Categorized | Editorial

Obama-Modi ties reflect deepening relationship between US and India

Posted on 29 January 2015 by admin

US industrial interests took centre-stage at the start of Barack Obama’s visit to India as he and the prime minister, Narendra Modi, outlined a deal to limit the legal liability of US suppliers in the event of a nuclear power plant catastrophe.

The Indian government has agreed to a state-backed insurance scheme that would cap the exposure of nuclear suppliers and open the door to billions of dollars of new contracts.Indiawill also allow closer tracking of spent fuel to limit the risk of it falling into terrorist hands.

“Today we achieved a breakthrough understanding on two issues that were holding up our civil nuclear cooperation,” US President Obama said.

“The [2005] civil nuclear agreement was the centrepiece of our transformed relationship, which demonstrated new trust and economic opportunities and expanded our option for clean energy,” added Indian Prime Minister Modi.

“In the course of the past four months we have worked with a sense of common purpose to move it forward … I am pleased we have agreed the next stage, consistent with our law and technical and commercial viability.”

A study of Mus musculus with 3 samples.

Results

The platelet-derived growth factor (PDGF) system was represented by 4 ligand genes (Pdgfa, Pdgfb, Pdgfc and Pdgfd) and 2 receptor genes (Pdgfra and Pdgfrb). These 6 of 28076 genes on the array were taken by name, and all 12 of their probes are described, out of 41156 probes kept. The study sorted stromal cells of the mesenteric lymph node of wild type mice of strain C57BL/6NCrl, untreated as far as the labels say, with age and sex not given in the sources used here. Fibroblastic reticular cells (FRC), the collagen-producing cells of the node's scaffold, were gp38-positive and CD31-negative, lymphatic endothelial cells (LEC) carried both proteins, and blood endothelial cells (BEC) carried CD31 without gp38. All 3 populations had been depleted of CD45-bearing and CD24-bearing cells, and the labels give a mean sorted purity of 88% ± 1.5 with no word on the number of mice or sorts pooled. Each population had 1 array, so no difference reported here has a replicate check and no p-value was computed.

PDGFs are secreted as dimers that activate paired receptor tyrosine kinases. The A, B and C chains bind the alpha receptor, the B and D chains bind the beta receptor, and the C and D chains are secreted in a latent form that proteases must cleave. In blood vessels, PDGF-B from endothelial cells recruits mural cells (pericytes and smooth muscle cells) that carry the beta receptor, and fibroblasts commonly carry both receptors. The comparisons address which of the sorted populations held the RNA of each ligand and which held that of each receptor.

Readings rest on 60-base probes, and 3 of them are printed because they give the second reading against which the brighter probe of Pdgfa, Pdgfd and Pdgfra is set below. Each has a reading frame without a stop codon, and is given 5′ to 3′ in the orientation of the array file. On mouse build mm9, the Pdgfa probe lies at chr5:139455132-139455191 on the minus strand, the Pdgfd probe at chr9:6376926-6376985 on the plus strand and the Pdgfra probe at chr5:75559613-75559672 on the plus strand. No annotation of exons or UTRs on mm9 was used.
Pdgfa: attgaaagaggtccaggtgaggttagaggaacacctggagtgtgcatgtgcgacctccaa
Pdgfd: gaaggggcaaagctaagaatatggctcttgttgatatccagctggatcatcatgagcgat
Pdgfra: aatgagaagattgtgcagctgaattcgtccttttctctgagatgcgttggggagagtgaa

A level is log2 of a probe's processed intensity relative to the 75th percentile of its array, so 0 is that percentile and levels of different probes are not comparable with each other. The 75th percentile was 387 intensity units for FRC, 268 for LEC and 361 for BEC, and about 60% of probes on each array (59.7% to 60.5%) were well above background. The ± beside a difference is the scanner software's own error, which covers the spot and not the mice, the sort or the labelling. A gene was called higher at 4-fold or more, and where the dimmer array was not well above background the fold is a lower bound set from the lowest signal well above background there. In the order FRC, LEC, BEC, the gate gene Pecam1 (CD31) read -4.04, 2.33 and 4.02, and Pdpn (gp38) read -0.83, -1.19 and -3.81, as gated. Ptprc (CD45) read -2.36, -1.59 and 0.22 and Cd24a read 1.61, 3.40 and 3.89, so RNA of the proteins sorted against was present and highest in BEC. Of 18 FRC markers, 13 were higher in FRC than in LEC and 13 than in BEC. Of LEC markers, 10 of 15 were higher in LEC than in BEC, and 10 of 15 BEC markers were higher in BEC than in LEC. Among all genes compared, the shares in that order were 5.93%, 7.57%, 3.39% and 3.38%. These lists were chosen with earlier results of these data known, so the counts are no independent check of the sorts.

To fuel its rapidly industrialising economy,Indiahopes to increase the share of electricity generated from nuclear sources from 4% to 25% by 2050.

Modi said he supported efforts to tackle climate change, but pointedly refused to accept comparisons with the recent US deal withChina, whichIndiaviews as further ahead in its industrialisation phase.

“We expressed hope for a successfulParisconference on climate change this year,” said the Indian prime minister. “The agreement that has been concluded between theUSandChinadoes not impose pressure on us;Indiais an independent country. But climate change and global warning itself is huge pressure.”

The two leaders trumpeted more limited deals on air pollution and renewable energy that theUSpresident said would help “promote clean energy and confront climate change”. TheUSsaid it would share data and tools to help improve air quality.

Obama said his decision to become the first American president to attend the Republic Day parade reflected his commitment to deepen theUS’s relationship withIndia. “A strong relationship withIndiais critical toAmerica’s success in the 21st century,” he said.